If you know anything about Italy, a lot. And a lot did.  The couple’s rental car was broken into, a window smashed, some minor things stolen.  The cops were at best apathetic. However, other cops were not at all apathetic when the couple were twice pulled over for traffic violations that they didn’t understand, and were heavily fined both times.   They found almost no one who could  speak English well enough to communicate with.  As a result, the wife nearly ended up in the hospital due to a severe food allergy.  Nor did the couple  manage to do any shopping, with local merchants lacking the language skills to engage with them adequately. Both of them were seriously freaked out by agitated Italians chasing after them for blocks yelling some unknown thing, on more than one occasion.  In one case, as described to me, it was very likely that the waiter was trying to return a tip because Italian waiters in smaller cities don’t expect tips.

And all of this was only halfway through the trip. By that point, they were understandably dreading the remaining half.

When I mentioned this to an Italian acquaintance he said, not at all unkindly, that it was not a good thing that the Internet made this couple think that coming to “real” Italy (e.g. not just hitting the very touristy areas) would be easy, which is to say just a matter of a few minutes online and ~$1,500.   Problems of language, culture, and just general disorientation are still very real – despite Google translate and a variety of other ad hoc high tech aids.    He noted that while on the one hand it was his dream to send his basketball-crazed teenage son to basketball camp in a place like Indiana, it was obvious to him that no one there would speak Italian and that his son would be “a curiosity, like a zoo animal” for all of his strange Italian ways.  Where was the common sense, he wondered aloud. “Do most Americans really believe everything they read online?” he asked.

It was a logical enough question given the ongoing brouhaha over social media and last U.S. presidential election, fake news, etc. in which exactly this seems to be regularly asserted. But the following is a good example what is so often missed in such analysis.

I asked the couple whether the low price tag made them suspicious that there might be some kind of catch, that for example they were being routed to the Italian equivalents of Podunksville.  They responded that they had read in the newspaper that the Italian economy was badly ailing,  and so concluded that the sweet deal they got was “Las Vegas logic” – in other words a very cheap flight and hotel room offered in the hopes that you more than make it up in the money you spend (or lose) while there.  When I asked why they expected that people in a small Italian town would speak good – or really any – English, the husband, himself a small business owner, replied that if he really wanted American tourist dollars, he would learn enough English to be able to go get it.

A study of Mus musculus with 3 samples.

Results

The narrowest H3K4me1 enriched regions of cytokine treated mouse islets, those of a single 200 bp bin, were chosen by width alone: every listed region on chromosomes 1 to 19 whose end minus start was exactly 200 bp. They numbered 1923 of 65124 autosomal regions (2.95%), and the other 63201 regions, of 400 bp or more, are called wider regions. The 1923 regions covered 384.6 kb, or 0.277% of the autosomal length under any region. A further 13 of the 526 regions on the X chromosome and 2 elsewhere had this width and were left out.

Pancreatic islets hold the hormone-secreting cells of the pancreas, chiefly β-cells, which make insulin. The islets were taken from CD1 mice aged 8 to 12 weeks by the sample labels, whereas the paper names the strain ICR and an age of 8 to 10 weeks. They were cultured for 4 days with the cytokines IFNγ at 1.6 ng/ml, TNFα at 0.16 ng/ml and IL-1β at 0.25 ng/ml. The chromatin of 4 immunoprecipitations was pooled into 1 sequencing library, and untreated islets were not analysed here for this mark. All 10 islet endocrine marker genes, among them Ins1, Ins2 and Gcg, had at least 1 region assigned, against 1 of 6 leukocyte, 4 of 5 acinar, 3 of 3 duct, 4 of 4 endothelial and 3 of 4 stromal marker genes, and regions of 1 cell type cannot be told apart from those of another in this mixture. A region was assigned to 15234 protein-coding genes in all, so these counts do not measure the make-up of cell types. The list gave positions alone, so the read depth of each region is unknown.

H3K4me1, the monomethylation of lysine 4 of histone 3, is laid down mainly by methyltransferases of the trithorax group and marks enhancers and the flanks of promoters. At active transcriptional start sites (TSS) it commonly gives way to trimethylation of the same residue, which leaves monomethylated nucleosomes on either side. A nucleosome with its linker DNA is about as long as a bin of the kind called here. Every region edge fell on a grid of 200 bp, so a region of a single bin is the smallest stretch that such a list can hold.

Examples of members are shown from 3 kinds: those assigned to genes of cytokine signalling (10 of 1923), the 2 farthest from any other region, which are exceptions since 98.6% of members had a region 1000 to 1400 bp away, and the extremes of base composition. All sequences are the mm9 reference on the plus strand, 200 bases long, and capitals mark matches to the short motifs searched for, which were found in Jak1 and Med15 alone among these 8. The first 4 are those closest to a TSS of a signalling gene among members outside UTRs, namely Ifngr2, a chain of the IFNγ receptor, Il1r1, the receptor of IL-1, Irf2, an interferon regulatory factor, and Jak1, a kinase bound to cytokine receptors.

Indeed where there are Americans with open wallets, there are sure to be merchants and others who can at least scrape by in English.   In fact, the couple’s only real error lay in the mistaken belief that there would be an appreciable number of American tourists outside of well-known tourist destinations such as Florence, Pisa, or Venice; their analysis was otherwise correct.  It was a costly error to be sure, but not a lack of common sense as had been supposed by my acquaintance, as opposed to a lack of adequate research. Further, by the point I met them, they had already identified the error and were trying to figure out how to best correct.

In other words, they already had an operative, largely accurate belief – that Italy was “on sale” owing to bad economic conditions – before stumbling upon the discount travel package website that leveraged this pre-existing, factually grounded belief to make the sale.  When confronted with real world evidence that was inconsistent with this belief being the full explanation – that Italy might be “on sale” but they had also been somewhat misled – they adapted.   They will presumably be more diligent in future.

It’s a good example to keep in mind while pondering the brouhaha.